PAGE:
Identify Chart Patterns on Futures Trading Charts

What Are Chart Patterns In Futures Trading?

Chart patterns are unique bar formations in a price chart that identify a potential trading opportunity in a futures market. There are dozens of recognizable chart patterns that futures traders can employ to help signal trend reversals or price breakouts.

Chart patterns can be as simple as a two-bar “inside bar” or “outside bar“ pattern or as complex as multi-bar “head and shoulders” or “cup and handle” patterns. Having an understanding of which basic charts patterns to look for will help you expand your analysis skills.

Three Starting Chart Patterns for Futures Traders

Please be aware that not every pattern seen in a chart will fit exactly into the textbook description of that pattern. Traders need to use their own judgment and understand that variation is possible.

Inside and Outside Bars

An inside bar and an outside bar are two simple chart patterns that traders use to identify a possible short-term change in direction, along with potential breakout points. Typically, inside and outside bar patterns are identified using daily or weekly OHLC or candlestick bars.

  • An inside bar occurs when the high and low of the current bar are completely engulfed by the high and low range, represented by the wicks, of the previous bar.
  • An outside bar occurs when the high and low of the current bar are completely engulfing the high and low rang, represented by the wicks, of the previous bar.

Generally, the high and low of the engulfing bar will act as breakout levels for both patterns. Traders will often use these patterns in conjunction with other chart patterns and technical indicators to help identify trading setups and triggers.  

Key Reversals

A key reversal is a simple two-bar pattern that can help detect a short-term change in the market price trend direction. The pattern forms after an observable downtrend or uptrend. Key reversals are frequently used on daily price charts to help identify short-term swing trading opportunities that last a few days.

Key reversal up pattern: starts in a downtrend, then the key reversal bar (current bar) makes a significant low that is lower than the previous few bars, and then that same low bar closes higher than the close of the previous bar. This can often create an outside engulfing bar.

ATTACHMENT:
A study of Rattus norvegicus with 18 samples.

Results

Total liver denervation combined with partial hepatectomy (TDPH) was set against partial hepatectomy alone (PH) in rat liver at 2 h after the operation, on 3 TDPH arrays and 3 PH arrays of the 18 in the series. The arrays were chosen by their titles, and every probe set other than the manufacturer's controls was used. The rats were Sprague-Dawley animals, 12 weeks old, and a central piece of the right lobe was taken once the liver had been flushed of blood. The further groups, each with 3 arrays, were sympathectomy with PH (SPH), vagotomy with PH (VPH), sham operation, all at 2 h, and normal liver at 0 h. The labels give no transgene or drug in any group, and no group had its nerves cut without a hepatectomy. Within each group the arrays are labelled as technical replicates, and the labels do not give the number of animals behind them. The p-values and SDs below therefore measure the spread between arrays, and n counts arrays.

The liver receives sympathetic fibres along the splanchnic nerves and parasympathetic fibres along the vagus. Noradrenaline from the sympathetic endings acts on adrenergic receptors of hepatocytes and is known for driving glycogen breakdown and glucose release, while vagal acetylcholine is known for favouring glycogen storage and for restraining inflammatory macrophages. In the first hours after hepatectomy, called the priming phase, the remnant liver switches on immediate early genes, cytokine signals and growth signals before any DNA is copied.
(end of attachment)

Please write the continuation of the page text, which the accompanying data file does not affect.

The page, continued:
Key reversal down pattern: starts in an uptrend, then the key reversal bar (current bar) makes a significant high that is higher than the previous few bars, and then that same high bar closes lower than the close of the previous bar.  

Generally, the strongest key reversal patterns occur at the top of an uptrend or at the bottom of a downtrend, increasing the probability and potential for prices to follow through in the direction of the pattern. 

Opening Gaps

While the nearly 24-hour trading available in the futures markets has reduced the number of daily opening gap opportunities, there are still gaps to be found over the weekend and within certain commodity markets with more limited trading hours.

Gaps can easily be seen on a chart where the opening price jumps significantly up or down from the previous closing session. This generally occurs when there is an order imbalance at the open of the session, often caused by news, high volume, or high volatility after the close of the previous session.  

There are two common ways traders look for opportunities in opening gaps:

  1. The exhaustion gap: where the price gap expends most or all of the built up buying or selling pressure, and then market price action reverses back to the previous bar. This is called "filling the gap".
  2. Continuation or breakaway gap: when market prices continue in the same direction as the opening gap. When a market has consolidated for one or more days, and there is a buildup of buying or selling pressure at a certain price level, that pressure can create a breakaway gap.